Viper Energy Partners LP (VNOM - Free Report) recently announced plans to reduce its production guidance for 2020. It also intends to hedge majority of its production.
The partnership stated that 2020 production is now expected to average 22,500-27,000 barrels of oil equivalent per day (Boe/d). This marks a decline from its previous guidance of 27,000-30,000 Boe/d, whose mid-point signaled a year-over-year improvement of 28%. For full-year 2020, it now expects oil production in the range of 14,000-17,000 barrels per day (BPD), lower than previous guidance of 17,000-19,000 BPD.
Notably, the partnership provided its original guidance for first-half 2020 net production in the band of 26,000-28,500 Boe/d. It previously expected first-half 2020 net oil production in the range of 16,500-18,000 BPD.
To limit further decline in Viper Energy’s cash flows, the partnership intends to hedge a huge chunk of estimated oil production for 2020 and 2021, given the current volatile oil price environment. With oil price currently in the bearish territory since the coronavirus pandemic is hurting global energy demand, the outlook for exploration and production business seems gloomy. Thus, upstream energy players are restricting operational activities.
Notably, Viper Energy’s parent organization, Diamondback Energy, Inc. (FANG - Free Report) is planning to trim its 2020 capex guidance by $1.2 billion (or in excess of 40%) to the tune of $1.5-$1.9 billion from the prior expectation of $2.58-$3 billion. It expects average 2020 production volumes to be lower than the level of 195,000 barrels per day in fourth-quarter 2019.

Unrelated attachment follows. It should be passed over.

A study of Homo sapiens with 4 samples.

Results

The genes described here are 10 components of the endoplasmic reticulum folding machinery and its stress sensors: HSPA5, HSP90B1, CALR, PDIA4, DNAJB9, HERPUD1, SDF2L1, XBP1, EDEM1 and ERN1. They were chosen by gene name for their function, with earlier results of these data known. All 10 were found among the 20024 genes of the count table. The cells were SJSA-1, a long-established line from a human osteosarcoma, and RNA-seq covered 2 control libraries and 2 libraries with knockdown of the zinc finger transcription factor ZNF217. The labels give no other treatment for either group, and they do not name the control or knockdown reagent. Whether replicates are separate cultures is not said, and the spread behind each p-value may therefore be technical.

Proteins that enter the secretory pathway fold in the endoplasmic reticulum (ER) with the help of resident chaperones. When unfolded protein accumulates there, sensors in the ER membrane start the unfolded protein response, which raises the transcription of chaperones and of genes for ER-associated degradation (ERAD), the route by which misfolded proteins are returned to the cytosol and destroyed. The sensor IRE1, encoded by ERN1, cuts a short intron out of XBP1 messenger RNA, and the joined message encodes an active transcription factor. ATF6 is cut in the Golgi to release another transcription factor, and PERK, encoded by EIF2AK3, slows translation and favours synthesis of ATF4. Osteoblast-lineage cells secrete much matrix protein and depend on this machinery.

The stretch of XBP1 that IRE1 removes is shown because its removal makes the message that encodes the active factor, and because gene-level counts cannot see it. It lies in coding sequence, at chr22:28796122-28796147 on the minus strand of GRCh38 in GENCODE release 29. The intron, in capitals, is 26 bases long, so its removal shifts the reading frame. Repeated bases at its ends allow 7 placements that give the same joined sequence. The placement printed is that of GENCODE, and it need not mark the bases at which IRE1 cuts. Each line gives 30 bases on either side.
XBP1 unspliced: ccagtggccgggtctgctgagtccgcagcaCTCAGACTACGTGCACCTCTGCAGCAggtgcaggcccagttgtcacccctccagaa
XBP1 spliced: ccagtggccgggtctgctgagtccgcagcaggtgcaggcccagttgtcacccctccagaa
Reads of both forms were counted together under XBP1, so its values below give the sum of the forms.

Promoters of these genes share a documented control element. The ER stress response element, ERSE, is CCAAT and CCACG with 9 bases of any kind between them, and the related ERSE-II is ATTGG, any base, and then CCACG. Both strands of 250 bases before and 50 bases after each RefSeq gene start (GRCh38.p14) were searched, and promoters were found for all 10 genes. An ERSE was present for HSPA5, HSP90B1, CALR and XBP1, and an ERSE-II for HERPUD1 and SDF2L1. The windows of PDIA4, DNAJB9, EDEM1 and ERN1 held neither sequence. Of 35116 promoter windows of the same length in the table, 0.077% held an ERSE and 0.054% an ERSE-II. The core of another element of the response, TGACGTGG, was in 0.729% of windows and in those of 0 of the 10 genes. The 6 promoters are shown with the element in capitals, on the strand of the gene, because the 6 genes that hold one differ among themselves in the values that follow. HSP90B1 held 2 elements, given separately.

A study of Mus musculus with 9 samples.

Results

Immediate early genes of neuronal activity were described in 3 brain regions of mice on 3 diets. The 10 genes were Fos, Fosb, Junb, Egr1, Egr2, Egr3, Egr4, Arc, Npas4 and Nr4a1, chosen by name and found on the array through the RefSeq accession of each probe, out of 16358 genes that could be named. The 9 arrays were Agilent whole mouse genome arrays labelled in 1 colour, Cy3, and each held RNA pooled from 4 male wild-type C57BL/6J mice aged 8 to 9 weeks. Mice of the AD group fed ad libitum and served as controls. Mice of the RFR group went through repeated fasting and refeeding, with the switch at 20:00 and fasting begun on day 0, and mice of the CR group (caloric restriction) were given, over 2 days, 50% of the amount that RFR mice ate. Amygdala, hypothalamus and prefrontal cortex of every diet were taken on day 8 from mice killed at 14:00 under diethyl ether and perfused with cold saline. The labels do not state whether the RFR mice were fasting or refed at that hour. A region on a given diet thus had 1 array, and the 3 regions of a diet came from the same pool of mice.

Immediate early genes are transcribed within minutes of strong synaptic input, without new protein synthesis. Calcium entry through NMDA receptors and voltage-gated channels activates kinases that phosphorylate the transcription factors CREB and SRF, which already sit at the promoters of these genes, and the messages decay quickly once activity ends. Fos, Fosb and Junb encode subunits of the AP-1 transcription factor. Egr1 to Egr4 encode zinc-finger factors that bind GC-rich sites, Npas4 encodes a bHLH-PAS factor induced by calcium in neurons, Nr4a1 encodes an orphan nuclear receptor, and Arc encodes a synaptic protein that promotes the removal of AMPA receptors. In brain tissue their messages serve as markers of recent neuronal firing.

Several other companies with significant exploration and production activities are making similar moves to navigate through this tough phase, while sustaining a solid financial footing and strong operational efficiency. Energy players like Pioneer Natural Resources Company (PXD - Free Report) and Apache Corporation (APA - Free Report) are curtailing expenditures for 2020 and fortifying their capital position at a time when oil prices are unprofitable for most producers. Notably, there are only 16 companies in the U.S. shale plays that operate in fields wherein average new well costs are lower than $35 per barrel, per Rystad Energy.
Shares of this Zacks Rank #3 (Hold) firm have lost 76.8% year to date compared with 65.8% decline of the industry it belongs to. You can see the complete list of today’s Zacks #1 Rank (Strong Buy) stocks here.